In case of air raid, run like hell

This week in Prince George history, March 11-17:

March 12, 1942: Local organizers of the city's first air raid drill were looking to improve on a successful test of the city's readiness.


Local Air Raid Precaution (ARP) officials had already begun plans to improve and hold another trial. The blackout drill had been held on March 4.

"The CNR steam whistle and police car siren were not sufficient to warn the entire district, it was pointed out," The Citizen reported.

Authorities are considering the installation of a public address system "broadcasting a recording of a real air siren" could be helpful.

"It is a splendid sign, indeed, when leaders in war time refuse to be satisfied with anything short of perfection," The Citizen editorial opined.

The swift response of volunteer firefighters, "some having to come long distances," was praised by Fire Chief D.G. Fraser.

"Reports were received at the fire hall of pedestrians failing to extinguish cigarettes during the test," The Citizen reported. "A cigarette can be seen for more than 10 miles from the air."

Local doctors, nurses and St. John Ambulance crews were also praised for quick response.

"Frank Clark and Alex Moffat as ambulance driver, together with Miss F. Simms and Miss Mary Zimaro as nurses did valuable service with 'casualties,'" The Citizen reported.

Prince George citizens were commended for keeping the phone lines clear for emergency calls as well.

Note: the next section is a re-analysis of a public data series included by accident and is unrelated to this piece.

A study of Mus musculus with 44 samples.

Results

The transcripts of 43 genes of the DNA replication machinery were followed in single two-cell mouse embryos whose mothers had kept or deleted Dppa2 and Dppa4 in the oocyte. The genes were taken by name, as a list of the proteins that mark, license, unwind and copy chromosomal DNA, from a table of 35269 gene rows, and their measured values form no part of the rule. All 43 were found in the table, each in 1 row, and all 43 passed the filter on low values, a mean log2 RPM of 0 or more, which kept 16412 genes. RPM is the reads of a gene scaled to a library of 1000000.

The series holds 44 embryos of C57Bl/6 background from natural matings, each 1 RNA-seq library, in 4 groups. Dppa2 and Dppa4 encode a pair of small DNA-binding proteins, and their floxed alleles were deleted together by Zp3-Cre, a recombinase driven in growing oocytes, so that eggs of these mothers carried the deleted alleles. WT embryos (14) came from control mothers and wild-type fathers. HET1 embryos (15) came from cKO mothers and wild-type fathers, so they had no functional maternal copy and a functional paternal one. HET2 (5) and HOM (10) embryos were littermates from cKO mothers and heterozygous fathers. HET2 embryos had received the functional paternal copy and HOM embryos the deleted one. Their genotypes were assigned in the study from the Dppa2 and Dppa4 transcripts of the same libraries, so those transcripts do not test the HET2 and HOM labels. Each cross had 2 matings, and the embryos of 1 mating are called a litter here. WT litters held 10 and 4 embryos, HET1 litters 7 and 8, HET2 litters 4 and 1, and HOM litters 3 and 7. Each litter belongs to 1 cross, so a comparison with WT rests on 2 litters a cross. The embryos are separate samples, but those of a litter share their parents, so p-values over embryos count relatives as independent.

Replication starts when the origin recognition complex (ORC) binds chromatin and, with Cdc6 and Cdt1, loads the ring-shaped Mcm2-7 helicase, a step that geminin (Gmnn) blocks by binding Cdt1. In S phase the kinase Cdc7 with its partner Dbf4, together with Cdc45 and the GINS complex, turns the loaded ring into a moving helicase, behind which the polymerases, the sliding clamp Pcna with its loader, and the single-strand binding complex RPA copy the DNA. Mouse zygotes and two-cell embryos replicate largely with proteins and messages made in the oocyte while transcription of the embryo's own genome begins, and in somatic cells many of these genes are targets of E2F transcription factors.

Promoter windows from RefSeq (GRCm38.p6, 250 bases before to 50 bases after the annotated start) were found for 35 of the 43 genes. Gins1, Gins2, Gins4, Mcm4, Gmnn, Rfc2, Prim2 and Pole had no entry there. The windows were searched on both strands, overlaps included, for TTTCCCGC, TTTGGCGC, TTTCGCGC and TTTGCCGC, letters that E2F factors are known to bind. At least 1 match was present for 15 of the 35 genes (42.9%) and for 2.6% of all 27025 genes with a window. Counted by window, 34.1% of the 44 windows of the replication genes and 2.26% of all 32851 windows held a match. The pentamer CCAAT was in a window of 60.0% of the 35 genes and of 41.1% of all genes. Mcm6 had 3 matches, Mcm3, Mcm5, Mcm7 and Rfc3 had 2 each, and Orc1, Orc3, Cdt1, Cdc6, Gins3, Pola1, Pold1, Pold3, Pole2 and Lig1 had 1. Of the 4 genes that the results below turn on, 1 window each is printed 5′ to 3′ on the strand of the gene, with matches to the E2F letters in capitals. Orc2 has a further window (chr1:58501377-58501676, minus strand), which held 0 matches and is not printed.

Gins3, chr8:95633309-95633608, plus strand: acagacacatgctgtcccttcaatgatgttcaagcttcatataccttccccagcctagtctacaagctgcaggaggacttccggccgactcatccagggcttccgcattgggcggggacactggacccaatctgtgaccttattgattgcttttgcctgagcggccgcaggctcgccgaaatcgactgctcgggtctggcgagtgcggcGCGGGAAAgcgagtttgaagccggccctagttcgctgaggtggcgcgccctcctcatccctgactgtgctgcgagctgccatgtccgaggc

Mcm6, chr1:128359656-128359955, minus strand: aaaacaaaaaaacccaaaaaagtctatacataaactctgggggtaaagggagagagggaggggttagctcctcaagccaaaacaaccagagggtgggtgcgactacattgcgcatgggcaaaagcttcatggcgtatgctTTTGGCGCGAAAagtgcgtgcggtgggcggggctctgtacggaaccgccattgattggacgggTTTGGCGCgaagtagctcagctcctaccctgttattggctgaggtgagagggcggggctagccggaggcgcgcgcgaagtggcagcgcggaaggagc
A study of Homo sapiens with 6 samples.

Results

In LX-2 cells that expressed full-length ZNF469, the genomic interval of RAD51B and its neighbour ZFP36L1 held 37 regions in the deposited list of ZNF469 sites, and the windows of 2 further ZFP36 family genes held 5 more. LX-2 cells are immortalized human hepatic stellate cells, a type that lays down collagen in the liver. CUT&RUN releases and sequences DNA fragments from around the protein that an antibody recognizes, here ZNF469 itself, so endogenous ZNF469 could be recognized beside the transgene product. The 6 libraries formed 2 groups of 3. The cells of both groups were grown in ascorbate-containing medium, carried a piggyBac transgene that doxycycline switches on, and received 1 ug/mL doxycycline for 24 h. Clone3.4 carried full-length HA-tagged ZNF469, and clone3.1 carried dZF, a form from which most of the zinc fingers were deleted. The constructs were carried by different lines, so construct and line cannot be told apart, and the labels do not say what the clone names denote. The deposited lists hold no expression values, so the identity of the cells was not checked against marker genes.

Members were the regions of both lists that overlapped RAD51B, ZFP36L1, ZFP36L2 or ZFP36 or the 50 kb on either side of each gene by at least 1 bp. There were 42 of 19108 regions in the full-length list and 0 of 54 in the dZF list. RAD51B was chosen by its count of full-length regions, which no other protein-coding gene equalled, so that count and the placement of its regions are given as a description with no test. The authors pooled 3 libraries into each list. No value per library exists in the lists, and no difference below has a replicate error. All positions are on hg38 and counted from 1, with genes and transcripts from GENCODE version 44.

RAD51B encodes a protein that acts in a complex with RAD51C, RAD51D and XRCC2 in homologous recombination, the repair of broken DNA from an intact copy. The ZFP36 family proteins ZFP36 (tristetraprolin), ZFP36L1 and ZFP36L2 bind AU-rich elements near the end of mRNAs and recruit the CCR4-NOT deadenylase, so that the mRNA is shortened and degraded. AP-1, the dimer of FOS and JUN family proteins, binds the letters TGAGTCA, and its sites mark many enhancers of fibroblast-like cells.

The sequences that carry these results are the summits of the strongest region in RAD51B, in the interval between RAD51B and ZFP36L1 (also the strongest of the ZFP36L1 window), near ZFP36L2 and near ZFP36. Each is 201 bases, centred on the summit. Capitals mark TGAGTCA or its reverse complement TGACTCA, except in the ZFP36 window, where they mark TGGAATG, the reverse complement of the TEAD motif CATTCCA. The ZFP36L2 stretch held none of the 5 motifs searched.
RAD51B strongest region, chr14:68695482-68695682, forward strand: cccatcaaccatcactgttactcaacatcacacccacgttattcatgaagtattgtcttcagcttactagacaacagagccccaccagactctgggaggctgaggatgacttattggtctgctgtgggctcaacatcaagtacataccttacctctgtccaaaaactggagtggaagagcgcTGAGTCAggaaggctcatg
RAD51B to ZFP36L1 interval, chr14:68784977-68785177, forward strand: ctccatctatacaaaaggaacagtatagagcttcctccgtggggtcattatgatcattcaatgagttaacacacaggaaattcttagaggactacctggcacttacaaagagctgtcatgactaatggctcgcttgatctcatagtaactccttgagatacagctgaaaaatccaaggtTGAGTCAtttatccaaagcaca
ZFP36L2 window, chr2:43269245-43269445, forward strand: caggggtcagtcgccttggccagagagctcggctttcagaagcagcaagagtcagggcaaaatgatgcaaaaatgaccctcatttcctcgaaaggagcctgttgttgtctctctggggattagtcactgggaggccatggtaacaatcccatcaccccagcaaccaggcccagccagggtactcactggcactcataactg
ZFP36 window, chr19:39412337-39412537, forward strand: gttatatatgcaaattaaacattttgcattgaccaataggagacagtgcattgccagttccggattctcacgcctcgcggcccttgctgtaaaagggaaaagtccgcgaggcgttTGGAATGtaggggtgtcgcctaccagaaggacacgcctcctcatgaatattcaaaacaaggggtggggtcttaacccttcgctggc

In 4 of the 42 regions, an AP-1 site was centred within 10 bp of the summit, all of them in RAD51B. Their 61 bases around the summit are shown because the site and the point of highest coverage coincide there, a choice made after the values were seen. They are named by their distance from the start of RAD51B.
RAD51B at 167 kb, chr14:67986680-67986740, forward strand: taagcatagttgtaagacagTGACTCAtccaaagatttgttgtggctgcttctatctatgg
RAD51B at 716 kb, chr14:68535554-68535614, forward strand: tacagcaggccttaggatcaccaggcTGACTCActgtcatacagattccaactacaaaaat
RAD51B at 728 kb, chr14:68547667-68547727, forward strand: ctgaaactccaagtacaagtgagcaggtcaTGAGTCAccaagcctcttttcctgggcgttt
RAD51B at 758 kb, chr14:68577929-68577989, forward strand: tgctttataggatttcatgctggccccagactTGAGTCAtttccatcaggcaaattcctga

The reason for the air raid preparations in Prince George was the entry of Japan into the war in December 1941 with the attack on Pearl Harbour. The war would come closer to Prince George in the next few months when the Japanese occupied the islands of Kiska and Attu in the Aleutians in early June 1942.

While Kiska Island is nearly 3,400 kilometres from Prince Rupert and almost 4,000 km from Prince George - well outside the range of Japanese bombers at the time - attacks by dive bombers launched from Japanese aircraft carriers in the Pacific were a real possibility.

With that in mind, the March 12, 1942 edition of The Citizen had some helpful hints about what to do in an air raid:

What to do in case of an air raid:

1. As soon as bombs start dropping, run like hell. It doesn't matter where -as long as you run like hell.

2. Take advantage of opportunities afforded you when air-raid sirens sound the attack warning. For example (a) if in a bakery, grab a pie or cake, (b) if in the liquor store, grab a bottle, (c) if in a theatre, grab a blonde.

3. If you find an unexploded bomb, always pick it up and shake it. The firing pin may be stuck. If this doesn't work, heave it in the furnace. The fire brigade will come later and take care of things.

4. If an incendiary bomb is found burning in a building, throw gasoline on it. You can't put it out anyway, so you may as well have a little fun. (a) if no gasoline is available, throw a bucket of water on it and lie down -you're dead. (b) The properties of a bomb free hydrogen from the water, causing rapid combustion. In fact, it will explode with a helluva crash.

5. Always get excited and holler bloody murder - it will add to the fun and confusion and scare the kiddies.

6. Drink heavily, eat onions, Limburger cheese, etc. before entering a crowded air-raid shelter. This will make you very unpopular with the crowd in your immediate vicinity, eliminating any unnecessary discomfiture which would prevail if people crowded too closely.

7. If you should be the victim of a direct hit, don't go to pieces. Be still and you will not be noticed.

8. Knock the air-raid warden (out) if he tells you what to do. They always save the best seats for themselves and their friends anyway.

It's good to see that even in wartime, people had a sense of humour.

To explore 100 years of local history yourself, visit the Prince George Citizen archives online at: The Prince George Citizen online archives are maintained by the Prince George Public Library.